Ferguson to Increase Ticket Fine Collection by "About a Million" Dollars


"When you have towns like those in St. Louis county that get in some cases, 40 percent of their municipal revenue in fines and fees, they have chosen a very expensive way of taxing their population, one that creates maximum hassle and maximum hostility," says Walter Olson, senior fellow at the Cato Institute and publisher of the blog Overlawyered.

But now, Bloomberg News reports, the city actually is planning to increase fines to address a serious revenue shortfall:

"There are a number of things going on in 2014 and one is a revenue shortfall that we anticipate making up in 2015," Jeffrey Blume, Ferguson's finance director, said. "There's about a million-dollar increase in public-safety fines to make up the difference."

Revenue from violations, which already represents the city's second-largest source of cash after sales taxes, will rise to 15.7 percent of receipts in fiscal 2015, from a projected 11.8 percent this year, he said. In 2013, fines brought in $2.2 million, or 11.8 percent of the city's $18.62 million in annual revenue, according to budget documents.

Last month, Reason TV highlighted three of the country's most "fee-ridden" cities and pegged Ferguson at number two, but maybe it's time to move it on up to the top spot. Watch the video above and decide for yourself.

"America's 3 Most Fee-Ridden Cities" was originally released on Nov. 24, 2014. The original text is below:

Fees, fines, and petty law enforcement: Little ticky-tack violations can pile up quickly and are enough to drive even the most civic-minded citizens crazy. But they can also create an undercurrent of hostility between citizens and the government officials who are supposed to serve them. Former Reason writer Radley Balko uncovered a pattern of overzealous fee-collection in the suburbs of St. Louis county for The Washington Post and speculated that the overbearing law enforcement helped create a pressure-cooker environment that finally exploded in the wake of the Michael Brown shooting.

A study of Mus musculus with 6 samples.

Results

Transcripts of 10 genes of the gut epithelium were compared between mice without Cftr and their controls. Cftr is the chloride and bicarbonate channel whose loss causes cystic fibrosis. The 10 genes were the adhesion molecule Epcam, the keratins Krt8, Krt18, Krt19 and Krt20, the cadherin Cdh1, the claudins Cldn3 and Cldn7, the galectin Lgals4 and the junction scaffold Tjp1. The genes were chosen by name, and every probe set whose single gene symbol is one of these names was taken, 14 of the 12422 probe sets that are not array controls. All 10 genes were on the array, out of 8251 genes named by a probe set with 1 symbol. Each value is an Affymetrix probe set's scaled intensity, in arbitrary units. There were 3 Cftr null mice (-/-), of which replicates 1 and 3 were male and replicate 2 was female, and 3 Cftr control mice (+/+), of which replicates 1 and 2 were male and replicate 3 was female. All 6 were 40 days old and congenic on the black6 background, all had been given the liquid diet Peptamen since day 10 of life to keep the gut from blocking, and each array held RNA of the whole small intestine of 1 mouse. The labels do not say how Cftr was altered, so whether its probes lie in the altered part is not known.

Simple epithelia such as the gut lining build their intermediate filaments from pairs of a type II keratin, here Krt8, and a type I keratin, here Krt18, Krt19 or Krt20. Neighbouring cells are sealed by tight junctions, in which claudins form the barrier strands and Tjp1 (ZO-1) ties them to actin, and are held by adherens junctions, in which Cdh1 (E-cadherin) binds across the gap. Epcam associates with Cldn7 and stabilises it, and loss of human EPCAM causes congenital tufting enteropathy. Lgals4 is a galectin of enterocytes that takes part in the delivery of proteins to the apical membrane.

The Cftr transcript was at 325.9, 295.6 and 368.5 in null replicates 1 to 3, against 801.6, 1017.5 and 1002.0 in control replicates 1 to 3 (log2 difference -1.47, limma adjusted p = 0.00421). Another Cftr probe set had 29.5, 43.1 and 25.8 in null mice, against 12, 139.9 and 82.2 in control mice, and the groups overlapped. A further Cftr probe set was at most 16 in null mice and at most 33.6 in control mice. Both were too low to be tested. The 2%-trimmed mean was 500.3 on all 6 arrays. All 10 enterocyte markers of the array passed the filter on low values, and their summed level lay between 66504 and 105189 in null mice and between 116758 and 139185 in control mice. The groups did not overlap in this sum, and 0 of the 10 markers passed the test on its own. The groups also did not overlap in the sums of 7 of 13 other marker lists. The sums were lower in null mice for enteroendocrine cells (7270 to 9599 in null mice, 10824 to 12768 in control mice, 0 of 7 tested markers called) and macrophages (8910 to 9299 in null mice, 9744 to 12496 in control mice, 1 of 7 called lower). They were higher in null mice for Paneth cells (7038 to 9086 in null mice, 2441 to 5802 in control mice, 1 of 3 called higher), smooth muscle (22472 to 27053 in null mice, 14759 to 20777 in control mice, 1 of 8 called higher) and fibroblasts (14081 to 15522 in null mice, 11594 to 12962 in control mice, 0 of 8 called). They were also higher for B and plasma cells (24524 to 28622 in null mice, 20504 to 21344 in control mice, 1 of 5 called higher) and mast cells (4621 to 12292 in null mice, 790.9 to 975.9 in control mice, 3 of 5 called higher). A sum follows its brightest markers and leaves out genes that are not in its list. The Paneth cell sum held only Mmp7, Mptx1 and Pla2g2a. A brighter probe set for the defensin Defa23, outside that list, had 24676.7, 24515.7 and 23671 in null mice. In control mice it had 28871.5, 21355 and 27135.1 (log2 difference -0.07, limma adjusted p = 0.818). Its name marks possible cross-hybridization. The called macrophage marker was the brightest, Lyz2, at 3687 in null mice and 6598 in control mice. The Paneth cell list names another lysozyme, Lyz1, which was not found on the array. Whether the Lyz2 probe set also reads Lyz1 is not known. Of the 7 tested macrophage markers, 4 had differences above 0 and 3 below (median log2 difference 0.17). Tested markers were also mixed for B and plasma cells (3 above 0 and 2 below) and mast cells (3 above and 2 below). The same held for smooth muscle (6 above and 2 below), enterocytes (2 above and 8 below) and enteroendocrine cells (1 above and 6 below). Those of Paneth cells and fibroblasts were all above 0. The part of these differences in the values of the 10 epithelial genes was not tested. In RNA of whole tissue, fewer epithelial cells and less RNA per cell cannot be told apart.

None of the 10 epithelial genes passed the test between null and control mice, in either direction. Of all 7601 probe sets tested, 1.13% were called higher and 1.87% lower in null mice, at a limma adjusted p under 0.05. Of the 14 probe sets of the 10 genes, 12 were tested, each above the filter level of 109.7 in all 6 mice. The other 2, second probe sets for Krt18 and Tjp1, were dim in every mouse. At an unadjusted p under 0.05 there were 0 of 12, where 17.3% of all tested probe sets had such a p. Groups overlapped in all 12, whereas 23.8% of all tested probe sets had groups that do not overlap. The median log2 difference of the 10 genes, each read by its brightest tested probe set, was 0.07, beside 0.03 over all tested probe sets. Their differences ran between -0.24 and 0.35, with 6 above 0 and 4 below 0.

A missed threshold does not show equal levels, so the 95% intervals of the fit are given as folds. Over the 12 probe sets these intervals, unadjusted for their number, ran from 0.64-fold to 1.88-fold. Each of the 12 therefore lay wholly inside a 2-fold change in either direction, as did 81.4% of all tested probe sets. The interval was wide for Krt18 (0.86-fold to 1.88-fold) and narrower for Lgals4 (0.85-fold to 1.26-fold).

"When you have towns like those in St. Louis county that get in some cases, 40 percent of their municipal revenue in fines and fees, they have chosen a very expensive way of taxing their population, one that creates maximum hassle and maximum hostility," says Walter Olson, senior fellow at the Cato Institute and publisher of the blog Overlawyered.

Watch the video above for Reason TV compilation of America's 3 Most Fee-Ridden Cities, listed below:

3. Detroit, Michigan

In the wake of the largest municipal bankruptcy in history, Detroit launched a variety of revenue-generating schemes, such as raising the prices of parking meters in a downtown with a rapidly dwindling population and workforce. Unfortunately for the city, about half their meters are broken, making it one of the only cities to actually lose money on parking enforcement. But what really grants Detroit this honor is "Operation Compliance," an initiative pushed by former mayor David Bing aimed at bringing all of Detroit's small businesses up to code through costly permitting. The initiative launched with the stated goal of shutting down 20 businesses a week.

2. Ferguson, Missouri

Ferguson has stayed in the news for the massive protests over the police shooting of Michael Brown and for the militarized response of law enforcement to those protests. But tension between the citizens and the government run deep in Ferguson and the other nearby St. Louis suburbs. Citizens report of being constantly harassed by law enforcment over minor violations and then being forced to navigate through an overrun court system. The Washington Post reported that one courthouse in St. Louis County had issued five arrest warrants per citizen.

1. Bell, California

Residents of this tiny California town just south of Los Angeles rose up against the local government after learning that their city officials were robbing them with high property taxes and ridiculous parking fines and city fees in order to pay themselves exorbitant salaries. The ringleader was City Manager Robert Rizzo, who paid himself $1.5 million in annual salary and benefits in a town with a per capita household income of $24,800. Rizzo is now rotting in federal prison alongside his accomplice, former Assistant City Manager Angela Spaccia, but the town is still on the hook for the $137 million in debt left behind. Locals call it the "Rizzo Tax."

"Ideally, the local population would rise up and say, 'It's time to take back our town. Government is not just a revenue source. It should be an engine of justice.' Until that happens, we've got a much wider problem," says Olson. 

Produced by Zach Weissmueller. Camera by Paul Detrick, Tracy Oppenheimer, and Weissmueller. Approximately 4 minutes.